Epiphone Les Paul 1960 Tribute Plus Deluxe Setup


Very impressed with the new Epiphone 1960s Tribute Les Paul. The quality coming out of China is better than ever. An 8lb non-chambered maple on mahogany body with a famed long-tennon neck joint and Gibson 1957 (coil-tapper-able pickups). Sounds to me just like a USA model with the added benefit of single-coil taps for all you Jimmy Page freaks. At under £400 I think they are one of the best value guitars on the market. Certainly better than the inflated prices Gibson has been getting away with for years. Don’t expect them to play perfectly out of the shipping carton however  . .  . .



Starting at the top it has Grover locking tuners which work very well for tuning stability but are a little fiddly to push a string through. I have never been a fan of the phallic shaped Epiphone headstock, but it’s nice to see the serial numbers stamped into the wood (albeit the thick finish obscures the serial).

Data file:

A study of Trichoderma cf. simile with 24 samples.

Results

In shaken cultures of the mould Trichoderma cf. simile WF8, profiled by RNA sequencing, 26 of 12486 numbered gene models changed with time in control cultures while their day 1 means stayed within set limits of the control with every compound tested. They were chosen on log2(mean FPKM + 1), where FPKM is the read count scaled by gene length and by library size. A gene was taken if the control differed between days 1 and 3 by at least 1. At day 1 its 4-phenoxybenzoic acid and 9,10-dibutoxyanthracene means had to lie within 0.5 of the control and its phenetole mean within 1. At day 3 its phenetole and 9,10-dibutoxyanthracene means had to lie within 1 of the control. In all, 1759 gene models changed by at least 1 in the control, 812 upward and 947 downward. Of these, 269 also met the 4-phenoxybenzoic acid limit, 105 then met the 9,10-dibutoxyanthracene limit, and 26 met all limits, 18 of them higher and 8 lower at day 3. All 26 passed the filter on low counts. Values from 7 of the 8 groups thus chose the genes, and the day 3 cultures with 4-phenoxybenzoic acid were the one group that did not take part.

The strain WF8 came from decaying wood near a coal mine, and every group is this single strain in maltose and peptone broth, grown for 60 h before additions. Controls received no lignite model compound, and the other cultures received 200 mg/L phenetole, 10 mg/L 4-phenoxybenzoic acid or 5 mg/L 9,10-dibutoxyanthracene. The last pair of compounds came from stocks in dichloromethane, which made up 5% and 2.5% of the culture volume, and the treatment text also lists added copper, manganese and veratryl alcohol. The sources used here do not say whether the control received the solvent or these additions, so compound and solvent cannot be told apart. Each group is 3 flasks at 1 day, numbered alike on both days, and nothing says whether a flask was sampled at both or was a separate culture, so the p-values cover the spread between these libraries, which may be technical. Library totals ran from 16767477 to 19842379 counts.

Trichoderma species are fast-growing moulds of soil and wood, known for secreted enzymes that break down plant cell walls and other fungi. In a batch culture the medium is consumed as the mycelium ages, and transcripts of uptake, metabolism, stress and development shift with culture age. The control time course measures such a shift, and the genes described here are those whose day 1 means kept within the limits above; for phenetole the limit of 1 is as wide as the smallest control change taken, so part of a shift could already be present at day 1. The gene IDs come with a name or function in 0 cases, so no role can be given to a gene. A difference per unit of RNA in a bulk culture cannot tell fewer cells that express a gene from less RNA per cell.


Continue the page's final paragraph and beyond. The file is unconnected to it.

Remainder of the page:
The sticker on the back reads 100% inspected and set-up in the USA. Slightly skeptical of that. There were no signs this guitar (shown in workshop photos below) had been setup. The string action was a whopping 4mm at the 12th fret and the nut hadn’t been slotted far deep enough.


The owner asked for lowest possible playing action with zero fret buzz.






Cool Gibson shaped 2-ply trussrod cover.


The main reason for the high action was humping from the 14th – 21st fret over the neck body join. Any larger and the rosewood fingerboard would have required a complete leveling before being re-fretted. More usual to see this kind of humping on a bolt on neck.


Crowning the flat fret tops with a Stew Mac offset diamond file.


After transiting through different grades of abrasives, the frets have a totally level mirror finish.


1.5 mm action at the 12th fret.

2 responses to “Epiphone Les Paul 1960 Tribute Plus Deluxe Setup

  1. In 2008, Gibson lost the trademark for the Les Paul in Finland. According to the court, “Les Paul” has become a common noun for guitars of a certain type. The lawsuit began when Gibson sued Musamaailma, which produces Tokai guitars, for trademark violation. However, several witnesses testified that the term “Les Paul” denotes character in a guitar rather than a particular guitar model. The court also found it aggravating that Gibson had used Les Paul in the plural form and that the importer of Gibson guitars had used Les Paul as a common noun. The court decision will become effective, as Gibson is not going to appeal.